To hardly anyone’s surprise, the Federal Open Market Committee (FOMC) ended its March meeting with a unanimous vote to raise the fed funds rate. Citing expectations that “economic activity will expand at a moderate pace in the medium term and labor market conditions will remain strong,” the group raised the target range for the sixth time since the start of the financial crisis. Their action will put the rate at around 1.63%, the highest since September 2008.
People who understand such things used a magnifying glass and a divining rod to wade through the FOMC statement. Most agree the members are planning at least two more increases this year.
Building, Selling Stats
Residential construction started the new year out strong after a weak finish to the old one. The resurgence didn’t last. Two of the three February measures, permits issued and housing starts, were down, and down much more than analysts had predicted, 5.7% and 7.0% respectively. Only housing completions showed any real strength, up 7.8% for the month and running 13.6% higher than last year.
February’s sales of existing homes did exactly the opposite. The National Association of Realtors (NAR) posted the first positive report on existing home sales in three months. Transactions rose 3.0% from January and single-family home sales were even stronger, besting the January pace by 4.2%.
Full disclosure however; sales were awful in the Northeast, mediocre in the Midwest, and only slightly positive in the South. This left the West carrying the load. Sales in that region were up 11.4% to an annual rate of 1.27 million units, 2.4% higher than a year earlier.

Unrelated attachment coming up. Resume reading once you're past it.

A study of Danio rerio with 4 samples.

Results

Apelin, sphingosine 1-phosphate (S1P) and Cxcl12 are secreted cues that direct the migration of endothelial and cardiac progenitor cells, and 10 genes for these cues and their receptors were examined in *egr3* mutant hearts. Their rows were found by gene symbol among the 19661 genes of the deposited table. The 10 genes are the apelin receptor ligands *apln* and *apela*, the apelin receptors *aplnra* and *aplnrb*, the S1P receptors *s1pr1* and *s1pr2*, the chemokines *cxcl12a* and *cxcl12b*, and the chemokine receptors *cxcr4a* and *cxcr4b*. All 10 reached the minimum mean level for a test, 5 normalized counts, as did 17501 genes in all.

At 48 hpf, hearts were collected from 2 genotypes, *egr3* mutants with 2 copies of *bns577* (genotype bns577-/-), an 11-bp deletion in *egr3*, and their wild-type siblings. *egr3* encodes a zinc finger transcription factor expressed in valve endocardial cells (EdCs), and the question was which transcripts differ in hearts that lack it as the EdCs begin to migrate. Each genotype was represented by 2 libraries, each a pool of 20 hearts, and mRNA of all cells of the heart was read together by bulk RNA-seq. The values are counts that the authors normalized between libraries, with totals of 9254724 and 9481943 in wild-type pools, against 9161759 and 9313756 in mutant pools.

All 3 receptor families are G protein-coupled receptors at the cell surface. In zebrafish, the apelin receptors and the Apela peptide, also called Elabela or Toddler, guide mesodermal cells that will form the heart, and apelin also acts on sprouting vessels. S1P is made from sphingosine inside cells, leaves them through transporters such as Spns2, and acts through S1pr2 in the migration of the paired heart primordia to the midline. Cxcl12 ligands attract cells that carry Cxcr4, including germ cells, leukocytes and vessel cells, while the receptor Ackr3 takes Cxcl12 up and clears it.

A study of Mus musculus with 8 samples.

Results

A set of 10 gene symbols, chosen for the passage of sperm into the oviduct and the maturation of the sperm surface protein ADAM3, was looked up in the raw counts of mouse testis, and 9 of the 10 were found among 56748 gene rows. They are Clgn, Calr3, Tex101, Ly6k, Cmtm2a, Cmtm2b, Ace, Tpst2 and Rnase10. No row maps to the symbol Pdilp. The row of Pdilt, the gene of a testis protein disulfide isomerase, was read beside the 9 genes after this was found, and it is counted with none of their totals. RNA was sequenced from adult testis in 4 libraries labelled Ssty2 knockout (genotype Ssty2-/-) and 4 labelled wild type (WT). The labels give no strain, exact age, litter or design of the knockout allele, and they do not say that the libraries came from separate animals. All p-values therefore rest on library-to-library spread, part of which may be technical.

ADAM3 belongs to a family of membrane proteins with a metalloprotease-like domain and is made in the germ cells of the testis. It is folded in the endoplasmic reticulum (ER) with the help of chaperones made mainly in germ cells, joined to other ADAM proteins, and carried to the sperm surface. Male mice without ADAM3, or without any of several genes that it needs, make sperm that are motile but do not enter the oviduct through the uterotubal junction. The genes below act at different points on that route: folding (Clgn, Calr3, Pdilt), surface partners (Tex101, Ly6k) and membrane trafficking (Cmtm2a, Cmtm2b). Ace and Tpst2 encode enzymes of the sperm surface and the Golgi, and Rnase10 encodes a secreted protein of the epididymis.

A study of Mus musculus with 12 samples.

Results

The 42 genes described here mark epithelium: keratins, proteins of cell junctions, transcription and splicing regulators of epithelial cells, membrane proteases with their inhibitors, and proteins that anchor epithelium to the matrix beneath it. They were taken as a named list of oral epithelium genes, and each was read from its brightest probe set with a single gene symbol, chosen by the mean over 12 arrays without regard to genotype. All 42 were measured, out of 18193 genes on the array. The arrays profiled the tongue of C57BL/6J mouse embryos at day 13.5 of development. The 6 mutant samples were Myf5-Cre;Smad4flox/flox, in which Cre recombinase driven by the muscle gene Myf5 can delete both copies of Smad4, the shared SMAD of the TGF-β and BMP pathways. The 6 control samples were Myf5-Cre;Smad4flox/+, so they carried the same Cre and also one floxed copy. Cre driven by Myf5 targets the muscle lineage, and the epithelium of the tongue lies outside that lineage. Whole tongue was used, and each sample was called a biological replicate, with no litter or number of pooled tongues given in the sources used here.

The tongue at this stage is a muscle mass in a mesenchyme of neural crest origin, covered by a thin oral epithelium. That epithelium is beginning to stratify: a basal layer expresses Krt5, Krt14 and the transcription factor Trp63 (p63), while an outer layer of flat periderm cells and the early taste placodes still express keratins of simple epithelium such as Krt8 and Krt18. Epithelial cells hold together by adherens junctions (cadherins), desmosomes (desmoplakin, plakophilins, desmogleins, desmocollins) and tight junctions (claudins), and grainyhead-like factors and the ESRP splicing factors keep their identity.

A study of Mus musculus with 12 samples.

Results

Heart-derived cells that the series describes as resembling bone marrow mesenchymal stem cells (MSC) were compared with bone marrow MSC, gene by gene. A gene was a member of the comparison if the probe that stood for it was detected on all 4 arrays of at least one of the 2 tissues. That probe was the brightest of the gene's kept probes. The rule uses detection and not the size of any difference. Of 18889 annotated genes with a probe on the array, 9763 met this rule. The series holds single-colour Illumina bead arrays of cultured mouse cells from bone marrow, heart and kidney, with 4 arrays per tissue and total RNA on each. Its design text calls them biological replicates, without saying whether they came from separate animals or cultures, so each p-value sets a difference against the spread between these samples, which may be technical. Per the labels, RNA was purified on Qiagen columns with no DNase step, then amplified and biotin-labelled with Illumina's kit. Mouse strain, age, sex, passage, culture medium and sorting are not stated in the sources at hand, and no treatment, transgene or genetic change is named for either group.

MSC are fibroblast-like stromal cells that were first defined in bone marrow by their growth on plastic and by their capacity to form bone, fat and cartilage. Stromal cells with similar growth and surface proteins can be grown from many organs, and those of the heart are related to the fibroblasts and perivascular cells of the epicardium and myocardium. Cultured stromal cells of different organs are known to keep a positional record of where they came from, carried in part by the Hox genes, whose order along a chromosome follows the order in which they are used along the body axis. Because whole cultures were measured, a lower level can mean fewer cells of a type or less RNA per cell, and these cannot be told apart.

At a press conference before the release of the report, NAR’s chief economist Lawrence Yun bemoaned the state of condo construction. Condo sales dived by 6.5% from January and are lagging last year by 4.9% as inventories remain slim. Yun complained that while multifamily construction has been strong, it has focused on the rental market. Builders aren’t building condos, he said, and those are needed now to help first-time buyers transition into homeownership.
And speaking of homeownership, Generation Z isn’t waiting for Millennials to get out of the way. MarketWatch reports that its members, the oldest of whom is 23, already own about 100,000 homes. They appear ready for the challenge; their mortgage delinquency rates are well below those of all the older age groups.
You can Log In or leave your comments as a guest.